Teen Wolf Too: Collector’s Edition

| August 3, 2017

When Scream Factory announced they were releasing Teen Wolf (1985) and Teen Wolf Too (1987) in two separate Collector’s Edition Blu-rays, the decision to split the films was met with skepticism by many in comments sections and on message boards. On one hand, that’s a testament to just how much more people like Teen Wolf than they do its sequel. On the other hand, the notion that Teen Wolf Too should not be purchased apart from its Michael J. Fox-starring predecessor has actually been perpetuated by home video distributors for more than a decade. That’s because in 2006, the Teen Wolf sequel was packaged alongside the first film in a DVD Double Feature by Twentieth Century Fox. Then, when the first Teen Wolf was released on Blu-ray in 2011, there was no sign of Teen Wolf Too on HD, and on that double feature DVD it remained until now. And so, for eleven years Teen Wolf Too’s been available on home video as little more than a bonus feature, treated as an afterthought at best.

In a way, thinking of the film as a supplement to Teen Wolf makes perfect sense. Even Teen Wolf Too co-star Stuart Fratkin points out in interview on the Teen Wolf Too: Collector’s Edition that it’s essentially just a companion piece, stressing himself the film’s packaging alongside the original on the aforementioned DVD. Any sequel to a film as successful as the $33 million-earning Teen Wolf would obviously be met by audiences with high expectations. Unfortunately, Too didn’t quite meet audiences’ expectations, it seems.

This is likely because Teen Wolf Too does little more than rehash the first film’s narrative, only this time the teen wolf is Scott Howard’s cousin Todd (Jason Bateman), Todd’s in college instead of high school, and he’s not a basketball player but instead on the boxing team. Heck, the characters of Stiles and Chubby also appear in the sequel and there’s even a Boof surrogate character! So even though the cast is excellent with star Jason Bateman supported by legends John Astin (The Addams Family) and Kim Darby (True Grit), as well as returning cast members James Hampton and Mark Holton, the film doesn’t really bring anything new to the table. It’s a minor variation on the themes of the original.

I wouldn’t say this means the film isn’t worth watching, however. It may not meet the standard set by first installment in the franchise, but it’s an interesting follow-up and a seemingly well-intentioned one at that from director Christopher Leitch’s perspective. If nothing else, it offers up some pure, condensed 1980’s nostalgia fuel complete with a healthy dose of the era’s bizarre fashion during the extended song-and-dance number (yes, the teen wolf sings and dances this time around too). More than that, to me Teen Wolf Too shows just how lucky the filmmakers got the first time around. The original Teen Wolf truly was lightning in a bottle, nearly impossible to replicate even if you’re trying to copy it nearly beat-for-beat.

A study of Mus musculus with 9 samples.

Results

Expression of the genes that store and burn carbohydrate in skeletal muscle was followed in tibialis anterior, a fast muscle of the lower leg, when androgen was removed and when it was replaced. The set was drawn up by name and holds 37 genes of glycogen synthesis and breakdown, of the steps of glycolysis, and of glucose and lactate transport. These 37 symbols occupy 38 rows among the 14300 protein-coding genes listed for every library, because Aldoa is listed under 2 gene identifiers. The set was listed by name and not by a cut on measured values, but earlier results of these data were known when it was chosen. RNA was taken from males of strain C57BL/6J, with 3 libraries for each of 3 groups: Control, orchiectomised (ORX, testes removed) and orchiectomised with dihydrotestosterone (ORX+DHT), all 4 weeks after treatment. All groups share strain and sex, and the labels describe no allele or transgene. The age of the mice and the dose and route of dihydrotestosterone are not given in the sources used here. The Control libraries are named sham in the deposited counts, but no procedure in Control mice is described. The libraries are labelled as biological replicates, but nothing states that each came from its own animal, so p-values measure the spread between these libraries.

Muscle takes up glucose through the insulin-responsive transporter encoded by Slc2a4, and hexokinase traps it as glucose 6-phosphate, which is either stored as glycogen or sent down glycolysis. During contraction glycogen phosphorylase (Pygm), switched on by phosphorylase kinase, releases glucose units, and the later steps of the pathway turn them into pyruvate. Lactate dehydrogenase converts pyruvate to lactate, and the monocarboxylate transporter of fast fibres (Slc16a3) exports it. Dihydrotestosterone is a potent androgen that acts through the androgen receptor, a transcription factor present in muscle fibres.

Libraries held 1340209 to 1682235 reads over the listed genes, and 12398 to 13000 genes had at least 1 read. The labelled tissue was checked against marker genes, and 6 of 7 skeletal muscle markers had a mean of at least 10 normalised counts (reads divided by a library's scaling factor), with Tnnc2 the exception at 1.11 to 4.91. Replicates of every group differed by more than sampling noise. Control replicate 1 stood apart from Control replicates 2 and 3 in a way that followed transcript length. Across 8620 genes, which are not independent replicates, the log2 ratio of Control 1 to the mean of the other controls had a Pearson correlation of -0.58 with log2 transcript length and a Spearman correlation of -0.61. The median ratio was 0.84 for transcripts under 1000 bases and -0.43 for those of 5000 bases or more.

But is it worth buying as a standalone release? That, I suppose, is the real question, and one that’s hard to answer in the affirmative… on its own. However, if you’re buying Scream Factory’s Teen Wolf: Collector’s Edition, I imagine you’re doing it because you love that film and aren’t content with the previous barebones release. You want to sink your wolf-crazy teeth into those special features and get an in-depth peek behind-the-scenes of the only movie brazen enough to play a story about a basketball-playing-werewolf straight. How such a film could come into being is every bit as fascinating as the existence of the thing itself, and for me at least that’s just as true of the film’s sequel Teen Wolf Too, making its special feature-loaded Collector’s Edition a necessary purchase along with the original’s. Maybe the film really is little more than a companion piece, but it’s a companion piece released with that Scream Factory touch!

The Scream Factory Teen Wolf Too: Collector’s Edition Blu-ray, available August 8, 2017, boasts a series of new cast and crew interviews divided into five featurettes, as well as a stills gallery. At a combined fifty minutes, each featurette is centered on a single interviewee but they do include some necessary deviations into other interviews to flesh out the discussions (including a couple interviews largely conducted for the first film’s Collector’s Edition). The featurette topics are as follows:

-“Working with the Wolf,” an interview with director Christopher Leitch that provides tremendous insight into the film’s rocky preproduction, studio interference, and his thoughts on the mixed reception it’s received over the years;

-“A Man of Great ‘Stiles’,” in which actor Stuart Fratkin discusses how he approached the Stiles character independently of the original Stiles, Jerry Levine;

-“Nerdy Girl Saves the Day,” an interview with Estee Chandler, who plays Todd’s love interest in the film, talking about her own insecurities as an actress and the camaraderie among the young performers;

-a conversation with the legendary Kim Darby in “Otherwordly,” who it seems was unsettled during the entirety of the shoot by the constant presence of her ex-husband;

-and finally, “A Wolf in 80’s Clothing,” a featurette about the film’s costume design centered on an interview with costume designer Heidi Kaczenski.

About the Author:

Jef is a writer and educator in Chicago, Illinois. He holds a degree in Media & Cinema Studies from DePaul University, but sometimes he drops it and picks it back up again. He's also the Editor-in-Chief of FilmMonthly.com and is fueled entirely by coffee (as if you couldn't tell).